The joy of cooking this super-simple, super-delish French dish

The French Market Cookbookby Clotilde Dusoulier, is a French delight, despite the fact that it made me feel vaguely guilty that never do I ever frequent farmer’s markets. It’s not because I hate buying fresh organic produce from local farmers. It is because I am a pale, sunlight-avoiding vampire. Granted, I’m a vegetarian mortal vampire, but I avoid daylight all the same. If they had farmer’s markets at 10pm I’d join the party. Actually that would be a fun party. Could someone invent nighttime farmer’s market wine bars? That would be fun.

However, if one person were to convince me to give morning a chance, it would be Dusoulier. Actually, reading her cookbook would convince me to rise at 5am and take a plane to France. Dusoulier is best known as one of the first wildly popular food bloggers. Her positively addictive Chocolate and Zucchini blog continues to accumulate praise like my refrigerator door accumulates hot sauce. There’s a lot of it, and with good reason.

This cookbook is her “take on the love affair between French cuisine and vegetables.” Ooh, la la. I do hear that in France things like leeks are workaday ingredients. Leeks still intimidate me. But French Market Cookbook‘s sexy pictures of French markets and vegetables (don’t get me started with zucchini jokes) will really get you…er, well, excited. To cook, dammit! To cook.

The recipes are divided by seasons, and Dusoulier provides the breakdown on what veggies you should be stocking up on. Since we are technically still in le printemps, or spring until the solstice tomorrow, naturally I chose a recipe from that chapter to share. Like many of the recipes, Dusoulier shares her origin story for this vegetarian take on bouillabaisse. Apparently her grandmother’s cookbook had recipes two types of this soup. The type people are most familiar is a fishy dish. This version is known as “poor man’s” because there is no fish. There are, however, some of my other great loves in life: bread, eggs, spicy sauce and…turnips! Yes I love turnips. Leave it to the French get me amorous.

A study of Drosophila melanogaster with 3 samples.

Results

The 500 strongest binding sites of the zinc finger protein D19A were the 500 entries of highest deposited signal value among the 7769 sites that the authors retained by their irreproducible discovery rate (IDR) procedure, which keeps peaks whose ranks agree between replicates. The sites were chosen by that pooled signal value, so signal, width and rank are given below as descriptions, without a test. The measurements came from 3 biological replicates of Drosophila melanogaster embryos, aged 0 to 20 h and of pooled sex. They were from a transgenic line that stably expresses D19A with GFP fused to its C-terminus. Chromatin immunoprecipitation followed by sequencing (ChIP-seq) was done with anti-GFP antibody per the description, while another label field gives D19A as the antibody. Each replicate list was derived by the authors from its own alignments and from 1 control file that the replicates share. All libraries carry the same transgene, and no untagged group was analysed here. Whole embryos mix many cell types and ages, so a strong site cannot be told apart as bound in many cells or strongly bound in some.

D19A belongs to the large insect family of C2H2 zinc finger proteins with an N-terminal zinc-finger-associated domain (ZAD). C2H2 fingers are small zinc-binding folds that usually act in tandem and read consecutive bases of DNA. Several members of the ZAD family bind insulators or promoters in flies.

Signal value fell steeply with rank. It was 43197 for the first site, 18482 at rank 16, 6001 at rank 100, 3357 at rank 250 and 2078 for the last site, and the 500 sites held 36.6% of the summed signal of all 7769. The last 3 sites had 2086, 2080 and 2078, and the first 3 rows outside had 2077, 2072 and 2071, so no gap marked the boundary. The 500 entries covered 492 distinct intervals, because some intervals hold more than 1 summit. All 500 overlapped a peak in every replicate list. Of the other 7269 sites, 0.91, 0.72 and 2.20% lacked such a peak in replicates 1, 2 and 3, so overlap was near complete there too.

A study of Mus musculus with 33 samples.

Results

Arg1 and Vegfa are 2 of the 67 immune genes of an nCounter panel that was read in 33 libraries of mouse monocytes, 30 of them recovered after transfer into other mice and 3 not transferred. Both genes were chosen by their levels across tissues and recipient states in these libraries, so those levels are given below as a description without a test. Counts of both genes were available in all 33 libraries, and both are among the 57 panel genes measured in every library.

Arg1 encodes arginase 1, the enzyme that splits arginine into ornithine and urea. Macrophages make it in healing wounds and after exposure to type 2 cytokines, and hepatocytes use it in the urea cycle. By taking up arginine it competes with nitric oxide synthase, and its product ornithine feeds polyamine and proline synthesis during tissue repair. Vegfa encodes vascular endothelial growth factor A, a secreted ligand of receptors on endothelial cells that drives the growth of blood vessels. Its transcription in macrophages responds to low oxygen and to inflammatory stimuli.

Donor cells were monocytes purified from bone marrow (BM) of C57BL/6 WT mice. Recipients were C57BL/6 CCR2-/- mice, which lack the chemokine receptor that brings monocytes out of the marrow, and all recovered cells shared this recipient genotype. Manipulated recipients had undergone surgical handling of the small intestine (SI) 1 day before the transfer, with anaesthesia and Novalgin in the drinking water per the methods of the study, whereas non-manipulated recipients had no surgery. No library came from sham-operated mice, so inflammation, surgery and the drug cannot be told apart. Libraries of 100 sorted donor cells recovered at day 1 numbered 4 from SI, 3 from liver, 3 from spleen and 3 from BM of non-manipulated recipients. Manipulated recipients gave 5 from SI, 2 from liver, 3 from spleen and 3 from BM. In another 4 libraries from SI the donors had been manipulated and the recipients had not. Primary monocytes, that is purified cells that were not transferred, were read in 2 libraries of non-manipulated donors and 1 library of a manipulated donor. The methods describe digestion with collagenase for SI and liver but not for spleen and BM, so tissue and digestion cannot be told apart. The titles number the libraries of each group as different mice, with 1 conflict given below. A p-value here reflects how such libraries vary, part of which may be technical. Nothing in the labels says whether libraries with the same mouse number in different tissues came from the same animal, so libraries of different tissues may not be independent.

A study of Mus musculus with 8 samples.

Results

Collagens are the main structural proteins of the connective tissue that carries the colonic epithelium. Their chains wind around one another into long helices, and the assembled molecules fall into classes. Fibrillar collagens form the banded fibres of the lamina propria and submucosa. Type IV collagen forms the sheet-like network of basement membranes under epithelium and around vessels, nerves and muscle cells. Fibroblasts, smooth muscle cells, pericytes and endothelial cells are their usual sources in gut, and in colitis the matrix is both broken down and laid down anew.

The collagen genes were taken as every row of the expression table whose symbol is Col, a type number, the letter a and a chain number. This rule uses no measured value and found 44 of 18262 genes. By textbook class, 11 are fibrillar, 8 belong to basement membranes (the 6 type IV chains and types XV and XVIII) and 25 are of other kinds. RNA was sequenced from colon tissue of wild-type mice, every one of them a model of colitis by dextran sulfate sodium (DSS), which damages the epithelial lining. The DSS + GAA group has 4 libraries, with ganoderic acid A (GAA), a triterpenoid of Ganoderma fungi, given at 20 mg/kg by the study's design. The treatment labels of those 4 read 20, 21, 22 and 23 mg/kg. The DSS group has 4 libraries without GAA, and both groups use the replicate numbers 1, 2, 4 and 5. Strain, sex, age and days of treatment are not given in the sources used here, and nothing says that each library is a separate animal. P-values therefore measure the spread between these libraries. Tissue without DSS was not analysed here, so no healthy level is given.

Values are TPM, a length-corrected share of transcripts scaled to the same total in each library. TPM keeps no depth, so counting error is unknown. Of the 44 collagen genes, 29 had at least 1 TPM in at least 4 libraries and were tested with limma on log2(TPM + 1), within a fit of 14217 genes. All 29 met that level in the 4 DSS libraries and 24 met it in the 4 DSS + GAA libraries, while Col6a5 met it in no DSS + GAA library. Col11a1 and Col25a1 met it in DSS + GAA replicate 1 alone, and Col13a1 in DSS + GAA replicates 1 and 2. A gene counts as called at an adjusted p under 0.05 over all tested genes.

Ooh, and you get two courses out of this!

Recipe adapted from The French Market Cookbook by Clotilde Dusoulier

  • 1 Tbsp. olive oil
  • 1 small yellow onion, finely chopped
  • 2 garlic cloves, chopped
  • fine sea salt
  • 2 tsp. fennel seeds
  • 1 pinch saffron threads
  • 12 oz. new potatoes, scrubbed and halved(I had purple ones!)
  • 1/2 cup dry white wine (I had a grüner veltliner)
  • 4 cups vegetable stock
  • 7 oz. baby turnips, scrubbed
  • 2 cups shelled green peas, fresh or frozen (I tossed in spinach since I did not have this)
  • 6 scallions (both green and white parts), thinly sliced
  • 4 slices of country bread (I had a loaf of rye)
  • spicy mayonaise (she has a recipe for this but I mixed sriracha  to taste into mayo I bought at the store)
  • 4 shell-poached eggs (instructions below)
  • more olive oil to garnish
  • 1 lemon, halved
  • freshly ground black pepper

For eggs:

Bring eggs to room temperature. Oh, and please buy cage-free pasture-raised eggs! Happier chickens is a good thing. Fill a medium saucepan with water and clip an instant-read food thermometer to the side. Bring the water to 150 degrees Fahrenheit. Lower in your eggs and set the heat as low as you can. Keep an eye on the thermometer-try not to let the temperature go over 155. If it starts to do that, add some cold water. Cook the eggs for 45 minutes. Take out of the pan. Turn off your stove. When the eggs are safe to handle with bare hands, crack each one into its own saucer. While they are cooking you can get to making the rest of the stew.

For stew:

Heat 1 Tbsp. olive oil in a heavy soup pot. Add onion and garlic, sprinkle with 1/4 tsp. salt and cook over medium, stirring often, until softened, about 4 minutes. Add the fennel and saffron and cook a minute. Add the potatoes and another 1/4 tsp. salt. Add wine and stock. Cover, bring to a simmer and cook 8 minutes. Add turnips, peas (or spinach!) and scallions. Simmer until the taters are cooked through and turnips and peas are firm but tender, around 5 minutes. Taste and add more salt if you wish. Use a ladle to add all the broth in the pot to a small pitcher.

Spread the bread with your spicy mayo and slice it into fingers. Put these at the bottom of 4 serving bowls. Divide the broth among them and keep veggies warm whilst you eat this. I left some of the bread for the “second course”. When you are done with the broth, divide the veggies into the bowls. Then top each with a poached agg. Garnish with a drizzle of olive oil, a squirt of lemon juice and a bit of the freshly ground pepper. Chow down!